Systematic Change from the Start: Marillac Center, Chicago

On official White House stationery, an assistant to President Lyndon Johnson sent a message of congratulations for “the valuable contributions which the Sisters of Marillac House have made toward the progress of our nation’s education and toward the general betterment of living standards in their community.”  Sent to Sister William – actually Sister Mary William Sullivan – the letter reflects the priorities of Civil Rights and fighting the War on Poverty undertaken by the Sisters at Marillac House, Chicago throughout the 1960s.

Marillac Social Service Center relocated to its building in the East Garfield neighborhood in 1947.  Over the next 15 years, as suburbanization changed the composition of American cities, the neighborhood rapidly changed from largely white ethnic groups of Catholic background to poor African-Americans who had difficulty purchasing their own homes due to rising housing costs.

In an area with high unemployment and death rate, Marillac Center provided a day nursery, held events for teenagers to keep them safe and off the streets, “Chess and Chatter” events once a week, religious counselling, events for senior citizens, and Bible study on Sundays.

In the tradition of the settlement houses as originated in Chicago, Marillac Daughters did not shy away from living within the neighborhood.  Marillac sent representatives to the Catholic Inter-Racial Council and Chicago Youth Commission, and they began to hold leadership programs to assist African-American youth with both personal growth and promoting systematic change.

In 1964, Sister Mary William served as the emcee for the leadership dinner of the Catholic Inter-Racial Council, where she had the honor of introducing the recipient of its highest honor, Dr. Martin Luther King, Jr.  Among the most prized artifacts in the archive is the handwritten note from Dr. King to Sister Mary William that reads, “In appreciation for your devotion to Christ and your love for all mankind.”

Four years later, in the anger and frustration of the aftermath of Dr. King’s murder, Marillac opened its doors and provided food and clothing to those who had lost their homes.

In 1965, Marillac Center received some negative publicity, but for all of the right reasons, when six Daughters of Charity were arrested during a march to end the de facto segregation in the Chicago school system.  The Daughters walked into the street singing Freedom songs, and were taken into custody as they knelt in prayer at the corner of Madison and State.  By all accounts, they were treated courteously by the police, although they later attested at their unhappiness of being kept in the police station office rather than in the cells with the other prisoners.  Among other religious arrested were three priests and 14 Protestant ministers.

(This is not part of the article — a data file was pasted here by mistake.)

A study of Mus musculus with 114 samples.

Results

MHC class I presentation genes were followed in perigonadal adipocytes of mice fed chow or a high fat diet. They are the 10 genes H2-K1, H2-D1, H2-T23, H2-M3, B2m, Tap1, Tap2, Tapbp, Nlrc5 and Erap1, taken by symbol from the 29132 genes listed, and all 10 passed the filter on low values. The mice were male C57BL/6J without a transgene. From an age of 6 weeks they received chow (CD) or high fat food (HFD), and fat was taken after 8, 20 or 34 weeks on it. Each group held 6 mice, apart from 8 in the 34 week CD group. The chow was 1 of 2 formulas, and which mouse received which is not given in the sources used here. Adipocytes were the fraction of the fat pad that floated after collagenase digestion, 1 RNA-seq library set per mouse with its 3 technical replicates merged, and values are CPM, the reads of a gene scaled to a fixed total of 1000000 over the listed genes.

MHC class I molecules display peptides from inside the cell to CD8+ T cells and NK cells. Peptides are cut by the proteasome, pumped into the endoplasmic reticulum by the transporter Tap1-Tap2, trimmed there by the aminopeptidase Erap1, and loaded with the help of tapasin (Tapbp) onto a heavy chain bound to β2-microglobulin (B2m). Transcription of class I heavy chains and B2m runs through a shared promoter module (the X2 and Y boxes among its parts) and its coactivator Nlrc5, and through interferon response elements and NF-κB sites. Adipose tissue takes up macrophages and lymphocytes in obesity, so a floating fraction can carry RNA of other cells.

Sister Mary William paid the Sisters’ bail, and they appeared in court.  The judge sentenced them each to a fine, which they refused to pay.  According to the account in the July 10, 1965 Chicago American, “…the nuns had taken vows of poverty and felt they could not use money contributed to their religious order to pay personal fines.”  Facing jail time for refusal to pay, two lawyers, Maurice Scott Jr. and Howard Geter Jr., whom the sisters had never met, heard what was happening and paid the fines.  Marillac Center suffered as a result of donors withholding their funding after the incident.

In 1968 while serving at Marillac Center, Sister Julia Huiskamp directed the advocacy program, primarily concerned with freeing up aid programs to the poor run by state and federal agencies.  Part of this job was educating lawmakers and bureaucrats about the truth of poverty and correcting myths about the poor.  Her ultimate belief and goal was to put a human element back into agency and ensuring that the poor have advisors and advocates in the halls of power, those that really understand the nature of poverty.

High-intensity advocacy continued at Marillac into the 1970s, when Marillac led the way in combatting high infant mortality and began to stock infant formula for families who could not afford it, provided a protective home for children who were in abusive situations, and educated for family members to better themselves. Today, the mission of Marillac continues on its old campus in East Jackson as part of the larger Marillac-St. Vincent Family Services, a combined mission with two campuses in the city, featuring a food bank, social workers, opportunities for students to pursue their interests in a secure environment, and a scientifically and spiritually minded daycare centers for children of various ages, abilities, and interests.

New building of Marillac campus, 2004


  1. Betty Ann McNeil, D.C.

    The Daughters of Charity, associates, and volunteers of Marillac St. Vincent Family enable challenged children, families, senior and homeless persons secure dignity and respect as they strive to reach their greatest potential. The agency empowers families at two sites in Chicago: East Garfield Park and Lincoln Park.